While painting or sculpting, user draws strokes. Is there a way with python to save those (with brush parameters and pressure data) and then play them back slowly also with python?

Point is to produce something like the greasepencil's strokes. These strokes save pressure and, through the layer system, the colour. That stroke can later be edited (changing the color, etc...) and animated. Is there something similar for painting/sculpting? It would allow to show a sculpting process from cube to final sculpt with custom point of view, materials, speed all of that rendered.

Here is the doc about how to sculpt a stroke : http://www.blender.org/documentation/blender_python_api_2_69_10/bpy.ops.sculpt.html. It has a Stroke parameter to be given, but how can I save such a stroke from user input?

  • $\begingroup$ Sounds like you are going to record the complete macro, I don't think we currently got easy solution on this, which doesn't mean anything in most cases. Record screen by Alt F3 if it can be considered as a compromise to that. $\endgroup$ – Leon Cheung Mar 8 '14 at 4:19
  • $\begingroup$ The point is to be able to play that back in the 3D animation. I know dynamicpaint, but it can't reproduce pressure effects, random rotations or jitter at least not as easy and precisely as if recorded from user input with a tablet. $\endgroup$ – matali Mar 8 '14 at 7:42
  • $\begingroup$ If the purpose is to show how you sculpt, wouldn't it be ok to record the screen? Do you basically need an addon to show the pressure amount on screen? $\endgroup$ – CodeManX Mar 11 '14 at 14:20
  • $\begingroup$ The point is to animate the sculpture. A video rendered with cycles would show the cube first, slowly being sculpted as the time goes. For that, I would like to save the strokes with the used parameters to play the sculpting process back at desired speed, all of that rendered. It could also allow to redo the exact same sculpt but with another brush to compare. Recording the screen doesn't allow to have a nice POV and can't be rendered. $\endgroup$ – matali Mar 12 '14 at 14:33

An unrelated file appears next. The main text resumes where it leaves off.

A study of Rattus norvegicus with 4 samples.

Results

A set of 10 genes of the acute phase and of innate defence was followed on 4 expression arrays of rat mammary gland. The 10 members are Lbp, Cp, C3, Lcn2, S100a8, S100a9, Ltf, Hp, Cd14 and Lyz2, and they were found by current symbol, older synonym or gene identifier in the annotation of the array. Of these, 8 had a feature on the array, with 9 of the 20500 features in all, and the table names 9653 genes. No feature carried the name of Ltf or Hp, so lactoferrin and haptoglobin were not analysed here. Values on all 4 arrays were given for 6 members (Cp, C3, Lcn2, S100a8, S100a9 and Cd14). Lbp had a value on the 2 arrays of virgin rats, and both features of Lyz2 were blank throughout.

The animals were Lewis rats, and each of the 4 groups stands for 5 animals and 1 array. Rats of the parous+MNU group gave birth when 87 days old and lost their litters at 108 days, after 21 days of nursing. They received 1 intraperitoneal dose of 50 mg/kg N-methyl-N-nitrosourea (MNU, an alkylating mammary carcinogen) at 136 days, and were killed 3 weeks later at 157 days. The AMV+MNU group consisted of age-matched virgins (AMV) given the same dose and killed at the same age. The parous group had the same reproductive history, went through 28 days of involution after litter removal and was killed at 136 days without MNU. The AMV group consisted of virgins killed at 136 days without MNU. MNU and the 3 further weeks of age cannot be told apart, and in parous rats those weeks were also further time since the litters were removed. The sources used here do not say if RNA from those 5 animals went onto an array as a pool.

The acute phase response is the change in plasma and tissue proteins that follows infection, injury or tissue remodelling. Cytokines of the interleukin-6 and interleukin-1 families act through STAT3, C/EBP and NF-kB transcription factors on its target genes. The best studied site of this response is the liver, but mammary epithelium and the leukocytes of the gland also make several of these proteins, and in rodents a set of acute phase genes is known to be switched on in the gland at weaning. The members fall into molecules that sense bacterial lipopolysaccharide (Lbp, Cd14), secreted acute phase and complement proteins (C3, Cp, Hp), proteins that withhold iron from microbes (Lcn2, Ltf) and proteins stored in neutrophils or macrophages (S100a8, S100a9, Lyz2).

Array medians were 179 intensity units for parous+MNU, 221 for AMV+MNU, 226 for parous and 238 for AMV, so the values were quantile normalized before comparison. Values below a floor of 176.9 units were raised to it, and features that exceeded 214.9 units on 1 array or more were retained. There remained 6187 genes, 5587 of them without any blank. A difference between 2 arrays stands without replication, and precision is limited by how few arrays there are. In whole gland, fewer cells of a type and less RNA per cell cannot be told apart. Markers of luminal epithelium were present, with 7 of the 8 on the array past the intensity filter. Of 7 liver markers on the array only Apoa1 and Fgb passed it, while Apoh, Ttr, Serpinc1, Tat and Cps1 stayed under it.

• $\begingroup$ here there is some doc, but unfinished and I can't get how to save that stroke they speak of blender.org/documentation/blender_python_api_2_69_10/…. There is a stroke parameter to be given, but they don't say how such a stroke can be saved to be reused. $\endgroup$ – matali Mar 12 '14 at 14:36

What you would be trying to record really would be the effect of the movements (sculpting) rather than the actions themselves. Because, the actions themselves have context. The movements of a pen or mouse device make sense only when in "Edit" or "Sculpt" mode.

Now, theoretically, you could respond to a set of events from the user interface and keyframe the effects of those actions to be able to "record" and "play back". But the amount of information and frequency required to do this probably would make the whole thing unusable but for small scale projects. (And in any case, you would still be key-framing the changes applied to the object by the actions, rather than the actions themselves).

But, if we are talking about keyframing mesh modifications, then Blender does already have something that could be of help in this case. It is called "Shape Keys".

Shape keys store intermediate states of a model's mesh and also allow for interpolation between these intermediate states.

The workflow to achieve this "recording" might seem a bit awkward but would consist of mainly two steps: 1) Add a shape key 2) Apply the sculpting "brush stroke".

In the end, you will have a set of shape keys that show the progressive deformation of the mesh, potentially, brush stroke by brush stroke.

You can now key frame the transitions between shape keys to affect the dynamics of the deformations and create an animation that is as fast or as slow as you like.

This would look more like morphing, of course, rather than sculpting, except in the case where you could subdivide one stroke to many different stages.

One thing that could be done to improve the presentation of the effect would be to have the mesh rotating in front of a static camera and apply the transitions when the affected side of the mesh goes off the view. It would give the apperance of more details added with each revolution without the viewer actually seeing the deformations take place.